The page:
EA's reorganization could lead to more layoffs

Electronic Arts announced today that the company is undergoing an organizational restructure that has "led to some difficult decisions to reduce the workforce in some locations."

Two sources with knowledge of the situation told Polygon that the layoffs, part of EA's extended and ongoing reorganization, now number in the hundreds. Officially, the company most recently listed 9,000 employees worldwide.

While EA's public statement doesn't include the number of people impacted, sources with knowledge of the company tell Polygon that the continuing layoffs are impacting "a lot" of people across nearly every part of the company. Some sections are losing a half dozen people, some are losing dozens, according to our source. Rumors of EA layoffs affecting some 2,000 employees are overstated, sources tell Polygon.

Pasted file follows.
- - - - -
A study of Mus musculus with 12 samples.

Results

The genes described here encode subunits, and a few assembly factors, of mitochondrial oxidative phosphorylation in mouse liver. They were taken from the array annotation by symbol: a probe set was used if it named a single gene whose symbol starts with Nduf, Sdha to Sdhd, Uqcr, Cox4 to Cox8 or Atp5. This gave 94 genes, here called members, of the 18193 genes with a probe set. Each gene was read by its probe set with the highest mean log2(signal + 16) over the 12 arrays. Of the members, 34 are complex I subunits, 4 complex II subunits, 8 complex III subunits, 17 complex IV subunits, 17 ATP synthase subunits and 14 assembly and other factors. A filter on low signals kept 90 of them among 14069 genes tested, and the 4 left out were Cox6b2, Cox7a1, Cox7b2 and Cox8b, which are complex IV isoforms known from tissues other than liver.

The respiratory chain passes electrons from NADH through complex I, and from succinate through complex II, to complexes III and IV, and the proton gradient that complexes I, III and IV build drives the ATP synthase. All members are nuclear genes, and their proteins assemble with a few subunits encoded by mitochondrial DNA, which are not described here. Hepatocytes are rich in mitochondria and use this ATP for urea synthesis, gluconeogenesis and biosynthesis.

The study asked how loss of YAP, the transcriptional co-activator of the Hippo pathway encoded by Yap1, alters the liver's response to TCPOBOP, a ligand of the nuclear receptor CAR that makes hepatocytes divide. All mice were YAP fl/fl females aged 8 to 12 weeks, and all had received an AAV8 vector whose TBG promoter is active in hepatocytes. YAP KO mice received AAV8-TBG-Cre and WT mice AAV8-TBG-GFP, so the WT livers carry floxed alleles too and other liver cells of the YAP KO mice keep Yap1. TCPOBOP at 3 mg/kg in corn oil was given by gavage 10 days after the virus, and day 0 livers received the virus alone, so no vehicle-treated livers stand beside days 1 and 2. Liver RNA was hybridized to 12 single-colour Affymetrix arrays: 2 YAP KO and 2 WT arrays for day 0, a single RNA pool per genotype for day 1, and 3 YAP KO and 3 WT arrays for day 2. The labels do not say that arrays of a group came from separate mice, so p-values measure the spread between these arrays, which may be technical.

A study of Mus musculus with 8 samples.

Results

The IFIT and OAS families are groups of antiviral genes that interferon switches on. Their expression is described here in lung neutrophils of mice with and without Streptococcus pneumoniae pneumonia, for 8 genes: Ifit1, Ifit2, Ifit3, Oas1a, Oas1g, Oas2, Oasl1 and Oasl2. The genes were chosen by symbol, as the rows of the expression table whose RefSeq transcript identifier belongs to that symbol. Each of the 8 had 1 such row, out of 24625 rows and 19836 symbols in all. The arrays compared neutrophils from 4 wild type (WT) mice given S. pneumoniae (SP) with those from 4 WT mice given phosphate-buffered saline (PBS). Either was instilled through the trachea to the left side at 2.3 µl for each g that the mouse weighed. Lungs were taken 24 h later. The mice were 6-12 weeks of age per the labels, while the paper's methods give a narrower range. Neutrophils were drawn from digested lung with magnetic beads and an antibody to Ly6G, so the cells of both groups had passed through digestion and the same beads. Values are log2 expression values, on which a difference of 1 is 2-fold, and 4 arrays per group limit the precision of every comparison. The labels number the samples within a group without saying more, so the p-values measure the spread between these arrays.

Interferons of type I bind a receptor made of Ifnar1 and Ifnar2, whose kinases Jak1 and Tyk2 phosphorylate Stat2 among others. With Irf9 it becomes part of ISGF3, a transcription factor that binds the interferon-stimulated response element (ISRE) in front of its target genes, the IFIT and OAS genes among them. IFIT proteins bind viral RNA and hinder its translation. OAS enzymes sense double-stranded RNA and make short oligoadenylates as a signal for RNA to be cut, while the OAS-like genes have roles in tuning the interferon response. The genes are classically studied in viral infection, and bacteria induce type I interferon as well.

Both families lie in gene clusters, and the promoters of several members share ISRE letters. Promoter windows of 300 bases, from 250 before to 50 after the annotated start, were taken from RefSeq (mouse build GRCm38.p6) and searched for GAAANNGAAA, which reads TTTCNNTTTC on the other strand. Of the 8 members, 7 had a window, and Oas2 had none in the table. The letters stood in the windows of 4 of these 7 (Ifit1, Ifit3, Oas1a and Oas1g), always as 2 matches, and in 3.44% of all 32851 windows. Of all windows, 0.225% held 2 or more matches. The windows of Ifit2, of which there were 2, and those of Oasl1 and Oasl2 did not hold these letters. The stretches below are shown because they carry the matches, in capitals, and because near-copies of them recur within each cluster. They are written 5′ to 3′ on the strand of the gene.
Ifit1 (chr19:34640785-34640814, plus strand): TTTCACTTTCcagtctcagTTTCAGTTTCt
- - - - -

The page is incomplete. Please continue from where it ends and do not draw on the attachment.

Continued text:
EA employees took to Twitter today to announce that EA studios PopCap Vancouver and Quicklime Studio have shut down. Quicklime employees tweeted that all staff have been laid off as a result of the studio closure.

These most recent layoffs, we're told, are part of EA's ongoing bid to slim down under incoming new management. EA underwent a series of staff layoffs earlier this year at its Los Angeles and Montreal studios as part of a "console transition." Earlier this month the company laid off an undisclosed number of employees from its Montreal-based mobile development studio.

Today, it was reported that the company was closing its EA Partners label. Two sources later confirmed that to Polygon. One verified source from EA told Polygon that today's reorganization is partially tied to the closure of EA Partners, which included approximately 60 employees as of February, and the company is currently undergoing consolidations which could potentially lead to more layoffs.

An EA representative told Polygon that today's statement addresses changes made cumulatively through today. An official number on how many people were affected by the reorganization was not provided.